Becoming an adult can seem scary for many different reasons. Especially when you realize you have to actually pay for things on your own and can’t live off ramen and crackers for the rest of your life. But don’t worry collegiettes, budgeting your money is easier than you think if you follow a few simple steps.

1. Add-up your income

Adding up all your income sounds like it should be pretty simple, but it’s not always. Income can come from literally anything providing you cash, not just your job. Make sure to account for any money you receive from your parents, side gigs, hobbies, or even just selling old clothes online. Whatever income you’re consistently making should be accounted for in your budget.

Related: How to Get the Most Out of Your Money

2. Set aside money for fixed expenses

There are two main kinds of expenses: fixed and variable. Fixed expenses are bills that are necessary in order to get by. I’m talking about rent, car payments, water and utility bills, phone bills, and insurance. Y’know, all the fun ~adult~ stuff. These costs should remain pretty much the same over time, providing a stable number to budget for every month.

3. Figure out variable expenses

For variable expenses, these are things that are essential but can change day-to-day. These are expenses like buying groceries, eating out, paying for parking, buying gas and other essentials. If you know you’re going to keep buying a caramel macchiato every morning, make sure to budget that in. It can be really helpful to look at how much you’ve spent on these expenses over the last few months to decide if you want to maintain or reduce the amount you’re spending.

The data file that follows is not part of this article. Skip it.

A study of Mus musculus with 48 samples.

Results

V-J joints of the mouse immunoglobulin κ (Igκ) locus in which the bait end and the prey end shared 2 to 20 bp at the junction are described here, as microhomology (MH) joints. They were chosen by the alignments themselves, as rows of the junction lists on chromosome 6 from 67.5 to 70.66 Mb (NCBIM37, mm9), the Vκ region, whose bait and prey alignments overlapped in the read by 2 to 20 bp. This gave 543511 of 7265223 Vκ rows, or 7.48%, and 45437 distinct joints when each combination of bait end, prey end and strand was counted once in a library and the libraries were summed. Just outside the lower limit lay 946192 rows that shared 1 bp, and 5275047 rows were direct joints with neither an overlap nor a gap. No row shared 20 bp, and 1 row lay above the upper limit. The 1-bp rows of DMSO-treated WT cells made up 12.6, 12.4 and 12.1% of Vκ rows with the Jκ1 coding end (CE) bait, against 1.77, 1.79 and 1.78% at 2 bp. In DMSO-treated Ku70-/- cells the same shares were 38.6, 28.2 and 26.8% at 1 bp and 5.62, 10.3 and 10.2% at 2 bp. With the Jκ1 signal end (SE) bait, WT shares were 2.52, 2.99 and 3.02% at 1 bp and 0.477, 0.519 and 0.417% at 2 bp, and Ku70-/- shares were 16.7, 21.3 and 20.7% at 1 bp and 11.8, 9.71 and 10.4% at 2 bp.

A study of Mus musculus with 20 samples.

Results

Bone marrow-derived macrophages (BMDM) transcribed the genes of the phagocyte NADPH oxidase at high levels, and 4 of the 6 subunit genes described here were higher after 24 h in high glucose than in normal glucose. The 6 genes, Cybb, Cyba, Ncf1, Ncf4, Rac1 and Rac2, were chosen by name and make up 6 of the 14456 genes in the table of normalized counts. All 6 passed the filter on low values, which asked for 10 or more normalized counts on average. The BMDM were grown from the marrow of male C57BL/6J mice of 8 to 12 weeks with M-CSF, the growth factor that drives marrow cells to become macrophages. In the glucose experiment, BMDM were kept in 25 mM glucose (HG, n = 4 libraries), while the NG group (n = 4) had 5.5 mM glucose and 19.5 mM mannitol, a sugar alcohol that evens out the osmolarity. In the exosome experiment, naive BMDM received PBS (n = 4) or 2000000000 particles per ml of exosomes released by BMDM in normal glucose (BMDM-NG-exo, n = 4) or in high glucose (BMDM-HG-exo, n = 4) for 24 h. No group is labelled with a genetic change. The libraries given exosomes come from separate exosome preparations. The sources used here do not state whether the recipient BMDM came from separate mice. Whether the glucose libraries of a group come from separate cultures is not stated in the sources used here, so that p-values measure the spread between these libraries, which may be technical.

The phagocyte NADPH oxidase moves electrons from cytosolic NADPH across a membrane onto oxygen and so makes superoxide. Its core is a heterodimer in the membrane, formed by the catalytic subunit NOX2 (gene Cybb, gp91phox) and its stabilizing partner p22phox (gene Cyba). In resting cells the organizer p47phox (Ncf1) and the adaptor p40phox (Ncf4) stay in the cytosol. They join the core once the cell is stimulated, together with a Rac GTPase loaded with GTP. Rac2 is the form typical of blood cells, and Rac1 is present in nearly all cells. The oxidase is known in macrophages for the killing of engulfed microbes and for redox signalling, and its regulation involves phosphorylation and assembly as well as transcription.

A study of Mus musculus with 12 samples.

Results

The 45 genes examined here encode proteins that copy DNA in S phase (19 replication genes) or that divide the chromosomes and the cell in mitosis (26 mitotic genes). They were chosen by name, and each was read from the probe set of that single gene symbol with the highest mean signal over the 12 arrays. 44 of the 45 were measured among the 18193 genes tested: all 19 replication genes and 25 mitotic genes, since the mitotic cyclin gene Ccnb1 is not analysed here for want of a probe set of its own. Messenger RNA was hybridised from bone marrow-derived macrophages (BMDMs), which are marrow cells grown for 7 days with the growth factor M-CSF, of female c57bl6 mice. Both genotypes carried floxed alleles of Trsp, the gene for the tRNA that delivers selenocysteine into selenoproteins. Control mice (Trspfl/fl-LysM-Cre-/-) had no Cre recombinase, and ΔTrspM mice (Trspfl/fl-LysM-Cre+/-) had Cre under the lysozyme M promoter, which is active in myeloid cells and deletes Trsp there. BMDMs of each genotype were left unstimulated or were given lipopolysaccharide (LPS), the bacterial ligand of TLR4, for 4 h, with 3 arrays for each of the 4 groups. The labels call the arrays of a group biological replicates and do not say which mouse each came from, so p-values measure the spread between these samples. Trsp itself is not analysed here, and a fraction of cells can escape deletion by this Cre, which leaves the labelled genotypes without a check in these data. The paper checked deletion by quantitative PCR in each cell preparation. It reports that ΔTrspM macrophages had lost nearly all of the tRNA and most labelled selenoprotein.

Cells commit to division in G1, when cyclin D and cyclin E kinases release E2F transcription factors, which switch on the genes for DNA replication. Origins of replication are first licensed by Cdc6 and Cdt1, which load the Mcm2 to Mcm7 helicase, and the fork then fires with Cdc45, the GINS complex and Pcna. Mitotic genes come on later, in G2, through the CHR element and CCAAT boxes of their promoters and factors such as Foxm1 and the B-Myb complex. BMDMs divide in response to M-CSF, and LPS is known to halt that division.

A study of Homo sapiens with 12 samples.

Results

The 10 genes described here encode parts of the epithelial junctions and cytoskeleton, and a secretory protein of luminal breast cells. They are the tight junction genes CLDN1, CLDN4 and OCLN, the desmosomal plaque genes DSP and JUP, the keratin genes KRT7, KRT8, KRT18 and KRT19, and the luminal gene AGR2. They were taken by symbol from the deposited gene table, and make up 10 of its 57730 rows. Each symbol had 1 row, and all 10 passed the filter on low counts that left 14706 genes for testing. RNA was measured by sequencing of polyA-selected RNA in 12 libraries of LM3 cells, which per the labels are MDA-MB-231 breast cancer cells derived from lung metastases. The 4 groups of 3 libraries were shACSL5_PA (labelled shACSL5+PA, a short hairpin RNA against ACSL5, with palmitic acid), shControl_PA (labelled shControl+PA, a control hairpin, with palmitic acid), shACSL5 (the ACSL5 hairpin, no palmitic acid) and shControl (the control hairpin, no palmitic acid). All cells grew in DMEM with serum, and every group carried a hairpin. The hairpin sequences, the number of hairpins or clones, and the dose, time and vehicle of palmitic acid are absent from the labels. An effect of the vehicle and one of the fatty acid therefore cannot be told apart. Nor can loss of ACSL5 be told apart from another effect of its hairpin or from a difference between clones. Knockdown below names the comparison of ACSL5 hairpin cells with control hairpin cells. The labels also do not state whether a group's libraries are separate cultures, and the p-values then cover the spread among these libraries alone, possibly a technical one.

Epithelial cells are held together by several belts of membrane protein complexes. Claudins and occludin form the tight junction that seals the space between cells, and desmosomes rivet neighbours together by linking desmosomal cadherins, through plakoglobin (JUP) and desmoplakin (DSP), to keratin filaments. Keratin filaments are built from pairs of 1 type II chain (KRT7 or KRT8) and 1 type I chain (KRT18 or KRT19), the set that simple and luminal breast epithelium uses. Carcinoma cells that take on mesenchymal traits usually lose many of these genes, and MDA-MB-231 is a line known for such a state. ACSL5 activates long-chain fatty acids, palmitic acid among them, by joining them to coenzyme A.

4. Divide your remaining money up

After you’ve set aside the money for what is ~hopefully~ your priority, now’s the fun part. Determine an amount each week or month that you want to spend on shopping, going out, buying tickets, traveling or whatever else your heart desires. Don’t try and budget any of this out – you’ll just wind up caving and spending even more on unnecessary items. Keep it reasonable and realistic, but don’t deny yourself.

Related: We Need to Talk About Unpaid Internships

5. Always be saving money

Regardless of how much you’re spending on expenses and fun, you need to be saving. Even if it’s only $20 a month, setting aside money is crucial for being a financially stable adult. If an emergency arises, like you crash your car or you lose your job, it’s important to have money to fall back on. A good starting point is saving enough money for at least two months of rent or enough to cover your expenses for two months.

Good luck planning out your own budget, collegiettes!

Sarah Larios

George Mason University '21

Sarah is a Senior at George Mason University where she is majoring in Global Affairs with a concentration in Media, Communication, & Culture. She is the Editor-in-Chief and Campus Correspondent for Her Campus at George Mason, previously serving as the Senior Editor and Marketing & Publicity Director. When she’s not editing articles, she can be found working as a Communications Intern, hiking in Shenandoah National Park, playing with makeup, or spending time with her husband.